Traditionally the university and graduate route has been the tried and tested path for many of the UK’s largest firms. While university places are on the up, and STEM subjects are certainly becoming more popular with both the sexes, it is now recognised that more routes into the labour market are required if the UK is to retain its seat at the global, economic top table – but how best to achieve this is, the key question.

Chris Achiampong already has a highly respectable CV behind him at the age of only 21, and is one of the current intake of apprentices at multinational blue chip IBM. He believes that apprenticeships are as important to the future of the individuals that undertake them, as they are to the businesses that employ them.

Destined for a footballing career, having been on the Arsenal academy books during his teenage years, Achiampong endured a serious injury and life took him in another direction.

From the competitive sporting arena, to that of the competitive world of business, his path to his current job at IBM was through the apprenticeship programme rather than the maybe “more traditional” graduate scheme.

“Coming from Ghanaian heritage, the place of education is of great importance. University for many of my friends was seen as the main objective whilst at school and, indeed, both my two older brothers went down the route of traditional higher education. For me though, it was not as black & white as that,” he explained.

“Having a university degree is no longer the golden ticket to a job on graduation, and after a good deal of effort researching the options open to me as a school leaver, I decided that learning and gaining practical experience ‘on the job’ through an apprentice scheme was the correct path to take.

“There is still a good degree of stigma around the ‘apprentice’ tag, but the reality of the situation today, couldn’t be further from that. Being an apprentice doesn’t have to mean manual labour, dirty overalls and greasy hands, and it most definitely shouldn’t be seen as the ‘poor relation’ of a university degree, which for many it still is.”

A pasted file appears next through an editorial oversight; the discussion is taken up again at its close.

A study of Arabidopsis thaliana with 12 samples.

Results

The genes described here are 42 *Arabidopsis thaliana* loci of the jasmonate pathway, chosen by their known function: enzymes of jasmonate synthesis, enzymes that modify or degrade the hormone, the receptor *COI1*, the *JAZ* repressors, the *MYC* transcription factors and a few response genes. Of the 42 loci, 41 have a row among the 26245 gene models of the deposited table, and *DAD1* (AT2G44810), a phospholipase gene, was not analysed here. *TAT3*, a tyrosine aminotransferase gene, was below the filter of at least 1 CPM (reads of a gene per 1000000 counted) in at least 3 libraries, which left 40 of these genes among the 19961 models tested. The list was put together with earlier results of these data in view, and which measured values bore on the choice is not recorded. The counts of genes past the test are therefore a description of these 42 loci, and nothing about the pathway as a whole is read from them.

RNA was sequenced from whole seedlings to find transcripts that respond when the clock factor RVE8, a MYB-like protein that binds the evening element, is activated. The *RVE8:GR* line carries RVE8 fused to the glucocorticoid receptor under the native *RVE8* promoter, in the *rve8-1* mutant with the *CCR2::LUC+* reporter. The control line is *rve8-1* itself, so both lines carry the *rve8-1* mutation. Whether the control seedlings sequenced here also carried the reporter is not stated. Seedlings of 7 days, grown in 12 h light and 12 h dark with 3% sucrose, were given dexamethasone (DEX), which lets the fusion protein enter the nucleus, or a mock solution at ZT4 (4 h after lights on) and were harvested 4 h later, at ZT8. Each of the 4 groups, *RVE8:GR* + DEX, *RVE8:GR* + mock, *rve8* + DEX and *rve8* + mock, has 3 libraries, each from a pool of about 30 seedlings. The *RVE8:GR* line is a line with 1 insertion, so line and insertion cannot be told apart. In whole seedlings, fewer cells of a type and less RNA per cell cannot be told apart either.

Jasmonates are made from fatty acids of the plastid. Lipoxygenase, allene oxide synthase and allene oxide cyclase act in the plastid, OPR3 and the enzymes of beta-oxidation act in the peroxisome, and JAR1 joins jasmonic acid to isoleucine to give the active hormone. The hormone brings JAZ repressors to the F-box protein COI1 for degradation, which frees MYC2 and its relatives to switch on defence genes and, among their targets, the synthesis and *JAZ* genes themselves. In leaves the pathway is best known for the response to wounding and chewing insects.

IBM’s UK graduate, apprenticeship and student programme manager Jenny Taylor has been keen to highlight apprenticeships amidst the release of this year’s A-Level results.She suggested that students should not be deterred from university, but encouraged to consider all options, and that means institutions must inform them of the apprenticeship route.

In addition to being beneficial to young people, Taylor said that businesses will also feel the perks of bringing in fresh-faced youthful recruits into the workplace.

From learner to master: Six famous UK leaders that started off as apprentices

Continuing with his insights, Achiampong added: “Peer, family and establishment pressure can be tough as you approach the end of school, but it’s massively important to be strong and keep true to yourself when determining your own career path – after all, you’re the only one who has to tread it.

“Over the last three years during my time as an apprentice at IBM, and previously EY, I’ve met and worked with some extraordinary people, gained invaluable practical experience and grown as a business minded individual – not something I feel I would necessarily have done during three years of undergraduate studies.”

On the theme of business studies. Dragons’ Den investor Peter Jones declared in July that school children as young as five should be taught the way of the entrepreneur.

He spoke of the UK’s “uncertain post-EU economic path” and said that youngsters must be able to “dream big”, while developing self-belief in the process.

“By no means am I berating university or higher education as an institution, and similarly I am not saying that apprenticeships will work for everyone who undertakes them either,” continued Achiampong.

“However, it does seem to me that in the increasingly digital, competitive, fast-paced and dynamic world we live in, there has to be more ways to succeed in terms of avenues to work, especially as companies continue to pursue the goal of remaining relevant and profitable in volatile and evolving market landscapes.

“For my part, apprenticeships certainly represent a positive and highly effective route into employment for employer and employee alike. Apprenticeships aren’t for everyone, but if you pick the right one, it certainly could be for you.

“With the increasing support of internationally recognised companies like IBM & EY, not to mention the sustained backing of campaigns like the Government’s #GetInGoFar initiative, maybe 18 August [A-Level results day] will produce a groundswell of apprentices for 2017.”